Like many others, I’m no stranger to poké. The quintessential Hawaiian dish has been making its way all over North America lately, proving to be immensely popular in California before moving onto the East coast and now becoming a hot and trendy offering in cities like New York and Toronto.
While the latter certainly has no shortage of spots to grab the popular dish, there’s always room for more, and the newest kid on the block is Pokito, a quick-serve restaurant located in the heart of the fashion district, boasting a funky and fresh menu full of poké burritos and bowls.
“We’ve always had a passion for food and travel,” says Allen Tan, Pokito co-owner and co-founder of Toronto’s award-winning Me.N.U. Food Truck. “Every winter, we travel to the greatest street food cities in the world, learn from local chefs and make a commitment to bring our culinary discoveries back to Toronto.”
Uniquely curated with an international twist, and using ingredient pairings inspired by the team’s travels around the world, it’s currently taking the city by storm, as Torontonians flock to the Queen St. W location to see what all the fuss is about. Last weekend, we had the chance to check out the new hotspot for ourselves and as expected, we walked away mighty impressed with Toronto’s newest poké joint.
Upon entering the spacious location, we were greeted with a welcoming vibe from the restaurant’s friendly staff, who were eager to make our experience there a memorable one. Though Pokito does offer up several menu items that they’ve put together themselves, customers are encouraged to create their own bowl or burrito from scratch by picking their base and protein and then spicing it up with delicious and fresh toppings.
“We have delicately paired ingredients to ensure a gastronomic experience for our customers. Poké is all about balance,” adds Kenton Chan, Pokito co-owner, who has a proven track record of bringing innovative flavours by bringing global tea franchise Chatime and international fusion bakery Bake Code to Ontario. “However, we also believe the food we eat is an expression of our individuality, so we encourage our guests to customize their bowls and burritos and make every creation their own.”
Proteins range from salmon to tuna and shrimp to scallops, while bases come in the form of sushi rice, brown rice, mixed greens and soba noodles (the burritos, however, can only do sushi rice). After that’s, it’s up to your hearts desire as to what you want to put in your bowl/on your burrito.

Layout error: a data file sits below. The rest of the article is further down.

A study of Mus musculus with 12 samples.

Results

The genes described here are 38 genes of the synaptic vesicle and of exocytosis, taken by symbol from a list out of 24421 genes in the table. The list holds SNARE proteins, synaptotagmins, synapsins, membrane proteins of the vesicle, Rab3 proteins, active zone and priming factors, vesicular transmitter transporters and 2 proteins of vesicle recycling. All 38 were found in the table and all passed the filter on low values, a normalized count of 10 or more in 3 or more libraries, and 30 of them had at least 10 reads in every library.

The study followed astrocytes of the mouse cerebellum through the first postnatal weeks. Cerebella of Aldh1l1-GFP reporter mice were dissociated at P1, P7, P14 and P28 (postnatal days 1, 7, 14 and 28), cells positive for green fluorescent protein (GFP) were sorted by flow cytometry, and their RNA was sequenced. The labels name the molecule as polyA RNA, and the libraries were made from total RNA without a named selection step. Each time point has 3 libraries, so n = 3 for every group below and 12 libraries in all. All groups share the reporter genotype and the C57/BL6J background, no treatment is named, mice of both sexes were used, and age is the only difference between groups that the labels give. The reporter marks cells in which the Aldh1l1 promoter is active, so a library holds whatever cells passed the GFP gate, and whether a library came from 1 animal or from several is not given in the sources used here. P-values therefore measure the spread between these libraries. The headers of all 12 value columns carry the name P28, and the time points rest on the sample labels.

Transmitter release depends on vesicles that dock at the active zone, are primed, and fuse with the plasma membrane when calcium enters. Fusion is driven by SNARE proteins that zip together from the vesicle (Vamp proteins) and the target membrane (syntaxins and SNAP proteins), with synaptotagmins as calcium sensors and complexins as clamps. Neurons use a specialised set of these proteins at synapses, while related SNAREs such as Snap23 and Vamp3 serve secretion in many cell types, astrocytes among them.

For our visit, we went with two bowls. In the first (pictured above), we combined sashimi-grade tuna with sushi rice, edamame, green papaya, seaweed salad, mandarin oranges, crispy onions, seaweed, Hawaiian guacamole, Shoyu sesame oil and masago. The second one, meanwhile, had sashimi-grade salmon with sushi rice, edamame, sweet onion, Gochujang spicy mayo, seaweed, Hawaiian guacamole, pineapple chow, taro chips and crispy onions.
Right off the bat, let me just say that both bowls were excellent, with big, soft, tender chunks of fish that tasted extremely fresh. They weren’t drowning in sauce, either, which meant that the taste of both the salmon and tuna really came through. Served in generous portions, the fish, along with the toppings, made for more than enough of a meal that left us feeling full and satisfied once we were done.
As far as the toppings themselves go, it’s really up to you as to what you want to throw in there, but for what it’s worth, I particularly enjoyed the Hawaiian guacamole (a unique spin on the classic dip), while the crispy onions added some nice crunchiness to the bowl and the mandarin oranges gave the whole thing a bit of a tangy twist, which was very welcome. If spicy is your thing, go with the Gochujang spicy mayo as well, as it’ll give the fish some flavorful heat.
To finish things off, we were given another Hawaii-inspired treat: a Dole whip float. A recreation of the famous Disneyland dessert made with dairy-free pineapple soft serve and pineapple juice, it was a bit too sweet for my liking, but your mileage may vary depending on how much of a sugar rush you’re looking for.
Let’s get back to the poké though, because from what we experienced during our visit, Pokito is really onto something here. With affordable pricing, a vast array of customization options and ingredients that are funky, fresh and fun, Queen West’s new kid on the block should be just the thing that Torontonians are looking for if they’re in the mood for a healthy, quick and tasty meal – one that can be mixed and matched to their heart’s desire.
Newcomers and poké connoisseurs alike will find a lot to love about Pokito‘s offerings, and judging by the line up of hungry customers that was already populating the restaurant during its first week in business, we’re confident that they’ll become a city staple in no time.